SEMA Show 2009: Caccia Custom Cars Ghepardo Blends a Chevy Camaro & Corvette
The SEMA Show has something for everyone. It has everything from lifted cars to lowered trucks, new turbos the size of Jessica Simpson (’09 Jessica, not ’07), and more wheels than a freight train. It sounds like a perfect place to go, but “everything” also means “anything”. When you go to sleep you can dream Natalie Portman or Cathy Bates. The Caccia Customs Cars Ghepardo is the latter.
The underpinnings are a strange incestuous marriage between a 2002 Camaro frame and a 2002 Corvette’s motor and suspension. The engine is mid-mounted, to give the car a “supercar-ish” identity. This sounds like something thought up on a forum for Chevy fans after a pint of moonshine. So with an F-body skeleton and a Vette heartbeat, Caccia started the real work for this project, giving it a body.
And they did, technically speaking. The result is a brightly colored fiberglass mish-mash design. The proportions and intake ducts look like a rounded Murcielago. However, the mesh on the outside takes us down a slippery slope. It seems like an afterthought, either an oversight from the original design or some type of budget-crunch. At least paint it black. The chrome wheels don’t work for me either as they take away from a car’s legitimacy somehow. Wheels should be a garnish for a car like this, the shape should be the main event.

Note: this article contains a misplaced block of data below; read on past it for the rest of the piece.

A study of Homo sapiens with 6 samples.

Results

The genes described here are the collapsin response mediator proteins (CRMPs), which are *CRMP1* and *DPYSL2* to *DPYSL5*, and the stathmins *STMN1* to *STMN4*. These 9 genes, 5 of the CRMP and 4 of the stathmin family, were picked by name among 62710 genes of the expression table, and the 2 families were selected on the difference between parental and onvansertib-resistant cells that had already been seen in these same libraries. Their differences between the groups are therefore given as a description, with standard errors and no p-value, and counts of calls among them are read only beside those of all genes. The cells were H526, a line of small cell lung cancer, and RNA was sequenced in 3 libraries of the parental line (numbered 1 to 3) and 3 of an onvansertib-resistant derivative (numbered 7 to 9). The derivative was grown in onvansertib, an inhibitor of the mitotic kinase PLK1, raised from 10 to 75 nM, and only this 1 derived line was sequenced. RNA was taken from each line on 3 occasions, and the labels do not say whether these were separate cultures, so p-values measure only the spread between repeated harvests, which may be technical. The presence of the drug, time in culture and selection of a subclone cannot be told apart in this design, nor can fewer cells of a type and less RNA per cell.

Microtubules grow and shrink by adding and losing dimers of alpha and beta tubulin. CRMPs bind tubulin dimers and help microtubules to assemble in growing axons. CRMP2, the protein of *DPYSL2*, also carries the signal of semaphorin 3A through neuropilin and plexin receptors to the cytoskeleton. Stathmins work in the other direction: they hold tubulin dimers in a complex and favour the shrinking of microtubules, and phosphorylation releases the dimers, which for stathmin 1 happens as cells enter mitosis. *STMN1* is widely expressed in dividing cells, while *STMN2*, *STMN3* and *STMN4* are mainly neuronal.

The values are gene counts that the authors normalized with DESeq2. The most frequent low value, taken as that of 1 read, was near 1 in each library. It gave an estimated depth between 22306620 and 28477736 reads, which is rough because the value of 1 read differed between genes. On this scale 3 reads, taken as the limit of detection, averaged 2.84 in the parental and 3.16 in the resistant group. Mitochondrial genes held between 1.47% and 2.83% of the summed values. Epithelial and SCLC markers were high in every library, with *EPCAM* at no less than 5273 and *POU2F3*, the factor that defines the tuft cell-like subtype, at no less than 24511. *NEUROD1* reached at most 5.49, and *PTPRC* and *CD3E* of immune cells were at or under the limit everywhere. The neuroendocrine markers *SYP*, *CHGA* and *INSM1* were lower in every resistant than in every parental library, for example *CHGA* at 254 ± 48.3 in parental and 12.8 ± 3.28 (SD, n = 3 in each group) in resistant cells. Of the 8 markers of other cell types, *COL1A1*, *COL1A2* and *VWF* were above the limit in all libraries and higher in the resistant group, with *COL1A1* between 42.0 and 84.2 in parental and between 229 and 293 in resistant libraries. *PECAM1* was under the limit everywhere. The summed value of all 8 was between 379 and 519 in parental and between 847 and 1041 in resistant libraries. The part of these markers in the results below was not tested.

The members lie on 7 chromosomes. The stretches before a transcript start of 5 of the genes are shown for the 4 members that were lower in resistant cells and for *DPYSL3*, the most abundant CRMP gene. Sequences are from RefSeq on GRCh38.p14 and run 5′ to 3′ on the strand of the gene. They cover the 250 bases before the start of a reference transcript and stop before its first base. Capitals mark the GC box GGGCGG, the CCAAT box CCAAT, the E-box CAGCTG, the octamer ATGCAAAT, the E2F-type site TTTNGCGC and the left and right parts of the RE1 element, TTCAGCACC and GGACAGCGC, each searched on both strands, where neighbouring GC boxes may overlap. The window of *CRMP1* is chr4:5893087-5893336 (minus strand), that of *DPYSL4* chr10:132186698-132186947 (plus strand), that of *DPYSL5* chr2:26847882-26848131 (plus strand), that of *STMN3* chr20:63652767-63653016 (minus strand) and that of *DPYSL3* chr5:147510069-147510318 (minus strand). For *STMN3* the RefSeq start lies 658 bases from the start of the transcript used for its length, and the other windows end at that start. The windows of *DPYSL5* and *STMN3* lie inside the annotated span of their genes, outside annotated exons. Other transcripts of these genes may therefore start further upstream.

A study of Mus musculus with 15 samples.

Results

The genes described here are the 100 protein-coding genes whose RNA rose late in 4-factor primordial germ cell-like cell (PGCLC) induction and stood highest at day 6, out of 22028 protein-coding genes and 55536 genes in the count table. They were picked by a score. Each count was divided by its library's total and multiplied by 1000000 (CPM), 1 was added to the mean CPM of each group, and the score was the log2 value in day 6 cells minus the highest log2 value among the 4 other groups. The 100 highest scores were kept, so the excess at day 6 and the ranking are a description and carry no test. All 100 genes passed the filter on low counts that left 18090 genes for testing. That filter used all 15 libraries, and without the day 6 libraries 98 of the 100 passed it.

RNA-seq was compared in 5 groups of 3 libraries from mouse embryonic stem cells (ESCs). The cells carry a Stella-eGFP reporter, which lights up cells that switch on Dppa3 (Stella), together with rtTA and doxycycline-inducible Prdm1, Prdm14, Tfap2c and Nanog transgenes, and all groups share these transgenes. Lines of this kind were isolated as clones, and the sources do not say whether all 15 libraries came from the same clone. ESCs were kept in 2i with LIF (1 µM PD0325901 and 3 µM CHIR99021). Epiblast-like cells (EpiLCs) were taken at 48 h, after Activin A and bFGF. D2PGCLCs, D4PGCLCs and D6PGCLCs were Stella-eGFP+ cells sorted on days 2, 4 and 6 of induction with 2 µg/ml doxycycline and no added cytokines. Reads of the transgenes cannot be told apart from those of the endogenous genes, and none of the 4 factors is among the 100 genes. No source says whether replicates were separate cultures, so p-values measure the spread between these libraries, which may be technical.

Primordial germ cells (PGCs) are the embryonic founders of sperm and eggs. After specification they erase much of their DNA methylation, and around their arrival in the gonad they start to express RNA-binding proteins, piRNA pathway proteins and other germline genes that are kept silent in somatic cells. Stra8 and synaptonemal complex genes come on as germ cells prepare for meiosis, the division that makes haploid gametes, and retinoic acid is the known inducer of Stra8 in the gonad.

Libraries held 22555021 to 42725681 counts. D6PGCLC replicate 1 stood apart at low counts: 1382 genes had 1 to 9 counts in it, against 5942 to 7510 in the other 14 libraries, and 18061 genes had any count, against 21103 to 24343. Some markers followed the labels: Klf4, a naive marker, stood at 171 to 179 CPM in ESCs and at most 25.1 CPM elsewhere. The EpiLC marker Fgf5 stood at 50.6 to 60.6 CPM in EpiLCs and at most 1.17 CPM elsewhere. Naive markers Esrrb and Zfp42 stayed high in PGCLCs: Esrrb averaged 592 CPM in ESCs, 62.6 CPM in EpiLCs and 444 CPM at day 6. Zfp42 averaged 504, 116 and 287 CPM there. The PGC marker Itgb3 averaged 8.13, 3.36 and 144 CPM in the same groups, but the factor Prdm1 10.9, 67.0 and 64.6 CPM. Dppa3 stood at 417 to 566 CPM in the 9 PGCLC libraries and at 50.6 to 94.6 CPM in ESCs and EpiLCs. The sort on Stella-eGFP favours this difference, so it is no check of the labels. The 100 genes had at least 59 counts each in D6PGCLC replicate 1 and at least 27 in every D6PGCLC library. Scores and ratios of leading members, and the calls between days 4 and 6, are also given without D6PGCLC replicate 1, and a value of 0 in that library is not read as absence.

Well the outside looks…weird. But this is SEMA, so the inside has to be sick right? 90” plasma TV on the roof and a DJ booth in the glove box, stuff like that? I wish. Sadly the interior is far worse than the outside. It appears they kept the Corvette dash and center console, but decided to deep-fry it in Alcantara first, and then season it with more mesh, only this time in gold. The HVAC controls stick out like a sore thumb, looking like KIA OEM in a sea of aftermarket suede.
Right now everyone is trying to make a supercar, and like a spelling bee, they can’t all be winners. Building an original car from scratch is not easy, and hats off to Caccia Custom Cars for doing it. I think it was an exercise for their shop, and with more practice their future may hold something great. As for the Ghepardo, I will say the same thing my baseball coach used to say after my 14th hit-less at bat, “What matters is you tried your best Zack, and you keep practicing. Good Hustle.”